SEED, or Scholarships for Education and Economic Development, students have graduated from Kentucky State University with an Associate of Arts Degree with a Con-centration in Small Enterprise Management. As a sendoff to their return to homes in the Dominican Republic, El Salvador, Guatemala, Haiti, Honduras, Mexico, and Nicaragua, 19 were treated to a view of their adopted American host Frankfort from the Kentucky River in canoes.
“We are grateful that CANOE KENTUCKY, a local small enterprise, generously partnered to allow our last class of SEED students to see their host town from this unique and beautiful viewpoint,” commented Jennifer Hubbard-Sanchez, Program Coordinator; “it reinforces one of the major purposes of the program: to create a cadre of future leaders with an appreciation of democratic processes and for the US itself.” “In fact the whole community has embraced all of them,” she continued.
Co-sponsored by the Tourism Commission and its Riverfront Development group, the trip covered the downtown stretch from Riverview Park to the Capital Avenue Bridge and highlighted Franks Ford, Bellepoint and Benson Creek, the site of the coming Ward Oates Amphitheatre, the US Courthouse being renovated by KSU, the Frankfort Boat Club docks, the singing Bridge, the Old YMCA, the Daniel Boone’s grave marker on the high hill in Frankfort Cemetery, and other sites that grace the river’s winding route downtown.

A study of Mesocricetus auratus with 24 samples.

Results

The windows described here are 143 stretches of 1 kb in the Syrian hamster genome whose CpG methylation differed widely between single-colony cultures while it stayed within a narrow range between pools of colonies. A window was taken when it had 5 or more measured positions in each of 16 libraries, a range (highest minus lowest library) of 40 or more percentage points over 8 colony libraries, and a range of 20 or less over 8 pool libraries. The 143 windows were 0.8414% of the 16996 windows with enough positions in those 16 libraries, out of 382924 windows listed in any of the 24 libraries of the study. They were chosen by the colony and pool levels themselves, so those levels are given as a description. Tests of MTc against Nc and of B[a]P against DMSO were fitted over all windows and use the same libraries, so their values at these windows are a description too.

So the pride of Frankfort’s riverfront was punctuated with laughter, water fights, and the chatter of young college students from Central American and Caribbean nations.
The other escorts included Tourism Executive Joy Jeffries, SEED Program Assistant Craig Borie, CANOE KENTUCKY Owner/manager and lead guide Nathan Depenbrock, and Channel 10 cameraman accompanied by retired CK staff/owner and Riverfront Development member Ed Councill, whose job was to keep the camera dry. An on-site TV account of the trip will be aired soon.
“It is always a little unnerving when we have a group whose experience and skills are either unknown or non-existent; so we have a safety talk that is supposed to cover the gap sufficiently to match the difficulty of the situation,” explained Depenbrock. “But this group learned quickly; and there were no problems, OK maybe some strange form”, he concluded.
Jeffries will tie in the points along the river that are important additions for the Riverfront Plan and its impact on residents and visitors alike. “Today was a double treat for me,” she stated; “I love this river and enjoy every opportunity to be on it; and our office was lucky to have a SEED student complete her professional intern service requirements with us,” she added. “It was a ‘two-for’!”

"Unfortunately, the partnership between KSU and DC’s Georgetown University has experienced budget stresses to the point that the program will not continue next year. Its 1 million dollar cost was 75% matched by Georgetown leaving $250,000 for KSU to bear. Hopes are that a way can be found to restart the SEED program in the near future."

Contact the Tourism office and Joy Jeffries at 875-8687 or Jennifer Hubbard-Sanchez at 597-5813 on the KSU campus for further details.